Has the Chamber II managed to improve on an already impressive shoe?
We loved the original Giro Chamber, but does the Giro Chamber II address the little issues and improved an almost perfect pair of shoes?
The original Giro Chamber was without doubt one of the standout shoes for trail, enduro and DH riders wanting the performance of a clip-in shoe without sacrificing the casual look of a skate style flat pedal shoe.
Giro Chamber II review
The first thing you notice about the Chamber II is Giro has set about streamlining the whole look of the upper. It’s a touch less skate shoe like than the original, with far less panels and stitching. Whilst these panels gave the original it’s distinctive casual look, stitching creates weak points and also gives water more of a chance to get through to your foot. The front half of the Chamber II is now almost completely seamless, lending it not only better durability but also a sleeker look. A look that you’ll either love or hate, dependent on how you felt about the original.
The rear half looks like it’s still made of several pieces, but even here panelling has been kept to a minimum. It still retains the lace and Velcro strap combination but here the lacing has a more enclosed feel. Lacking the gap the original Chamber had at the lower lace point that used to hoover up mud and trail debris is another improvement. The toe also features a bonded protective rubber rand and the Vibram sole also follows suit by being glued/bonded to the upper, doing away with the extra stitching found on the original shoe. The tongue has been bulked up with more padding and the Chamber II loses the inner sleeve to hold it in place, relying on two strips of elastic. A feature found on all of Giro’s other ‘casual’ styled shoes.
Fits like a…
All of these changes has not only given the Chamber II a less clumpy look but has also had an impact on the fit. It’s a very small impact but the Chamber II is a touch narrower, especially across the toe box. I have a pretty medium width foot and it is still incredibly comfortable, if anything it holds my foot better. But if you have properly wide feet you’ll need to try it on first. Also regarding fit, the Velcro strap almost feels too short, leaving a big gap with Velcro exposed. But again, whilst this isn’t perfect, I would rather this than have an overly long strap that can get snagged in the undergrowth.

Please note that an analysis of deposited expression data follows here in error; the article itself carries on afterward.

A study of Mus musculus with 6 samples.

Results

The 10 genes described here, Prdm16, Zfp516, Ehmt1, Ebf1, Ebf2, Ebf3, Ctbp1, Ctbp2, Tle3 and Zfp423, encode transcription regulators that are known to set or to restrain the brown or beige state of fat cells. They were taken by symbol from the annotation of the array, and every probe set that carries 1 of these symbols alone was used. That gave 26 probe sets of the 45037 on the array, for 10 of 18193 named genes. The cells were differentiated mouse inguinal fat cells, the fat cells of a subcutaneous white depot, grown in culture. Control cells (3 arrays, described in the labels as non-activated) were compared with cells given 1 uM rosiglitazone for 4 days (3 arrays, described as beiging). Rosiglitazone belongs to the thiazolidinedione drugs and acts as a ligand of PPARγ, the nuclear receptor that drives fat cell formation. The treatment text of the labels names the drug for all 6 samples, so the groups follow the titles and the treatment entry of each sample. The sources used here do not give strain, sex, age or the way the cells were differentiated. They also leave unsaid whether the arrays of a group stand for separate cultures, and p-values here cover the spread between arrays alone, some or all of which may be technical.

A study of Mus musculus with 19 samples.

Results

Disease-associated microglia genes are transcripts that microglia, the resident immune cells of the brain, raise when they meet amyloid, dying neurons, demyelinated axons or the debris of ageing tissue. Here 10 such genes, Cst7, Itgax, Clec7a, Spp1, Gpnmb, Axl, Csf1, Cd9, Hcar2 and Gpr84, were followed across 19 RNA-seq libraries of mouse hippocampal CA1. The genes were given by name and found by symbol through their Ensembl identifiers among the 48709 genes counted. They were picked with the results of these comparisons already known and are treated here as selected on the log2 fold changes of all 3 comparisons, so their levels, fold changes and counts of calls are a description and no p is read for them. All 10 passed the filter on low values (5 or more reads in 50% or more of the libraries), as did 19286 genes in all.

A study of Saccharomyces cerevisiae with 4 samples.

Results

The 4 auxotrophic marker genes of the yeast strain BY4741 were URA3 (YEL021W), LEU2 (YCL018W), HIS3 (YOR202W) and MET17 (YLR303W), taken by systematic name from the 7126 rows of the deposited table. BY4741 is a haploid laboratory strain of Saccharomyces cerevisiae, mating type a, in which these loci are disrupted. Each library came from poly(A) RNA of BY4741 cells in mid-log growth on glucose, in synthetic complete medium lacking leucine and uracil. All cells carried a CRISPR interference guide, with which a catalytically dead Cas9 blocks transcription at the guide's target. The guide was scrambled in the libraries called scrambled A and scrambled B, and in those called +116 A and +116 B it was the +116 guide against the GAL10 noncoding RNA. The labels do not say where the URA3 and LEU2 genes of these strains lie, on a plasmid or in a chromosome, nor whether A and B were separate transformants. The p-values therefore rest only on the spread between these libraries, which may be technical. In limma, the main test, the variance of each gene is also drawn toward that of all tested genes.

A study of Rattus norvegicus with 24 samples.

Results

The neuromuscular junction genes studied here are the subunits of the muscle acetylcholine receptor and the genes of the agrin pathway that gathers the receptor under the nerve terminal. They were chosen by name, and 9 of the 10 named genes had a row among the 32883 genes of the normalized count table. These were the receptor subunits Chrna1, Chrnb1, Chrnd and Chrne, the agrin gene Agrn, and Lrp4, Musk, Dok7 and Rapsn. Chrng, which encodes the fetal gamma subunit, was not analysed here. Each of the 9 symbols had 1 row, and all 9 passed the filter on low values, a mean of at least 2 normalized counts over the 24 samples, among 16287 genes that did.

It’s all about the sole
Looking at the sole unit, Giro has radically altered the design and layout of the outsole to address the issues with the existing shoe.
First up it’s a much more open heaxagonal tread pattern repeated over the whole sole, much better for shedding mud providing grip. But much more radical is the repositioned cleat recess, allowing for a cleat position that replicates the foot position on a flat pedal.
This aids bike control and gives more of a connected feel. You can still run cleats in a standard position if you so wish, but for more extreme riding this new position is pretty damn perfect. The ends of the cleat recess are also much more ramped to help guide you to a quick engagement. The most noticeable benefit of all this redesign is an almost complete lack of fouling with pedals, making the Chamber II a better performing shoe.
Great for pedalling
From a comfort and pedalling efficiency standpoint, the Chamber II retains an excellent balance between sole stiffness and off-bike walking comfort. If anything Giro has upped the overall stiffness making it a better option for riders who like to get the miles in. Fortunately it still remains comfortable enough to spend the day in without feeling the need to rip them off after a few metres of walking.
Despite all these improvements the Chamber II is still a chunky shoe, it's dropped a few grams from the original but still weighs a shade more than it's rivals at 508 grams per shoe. It's also gone up in price to £129.99. However, like the original, the Chamber II is now well on its way to becoming my go to shoe.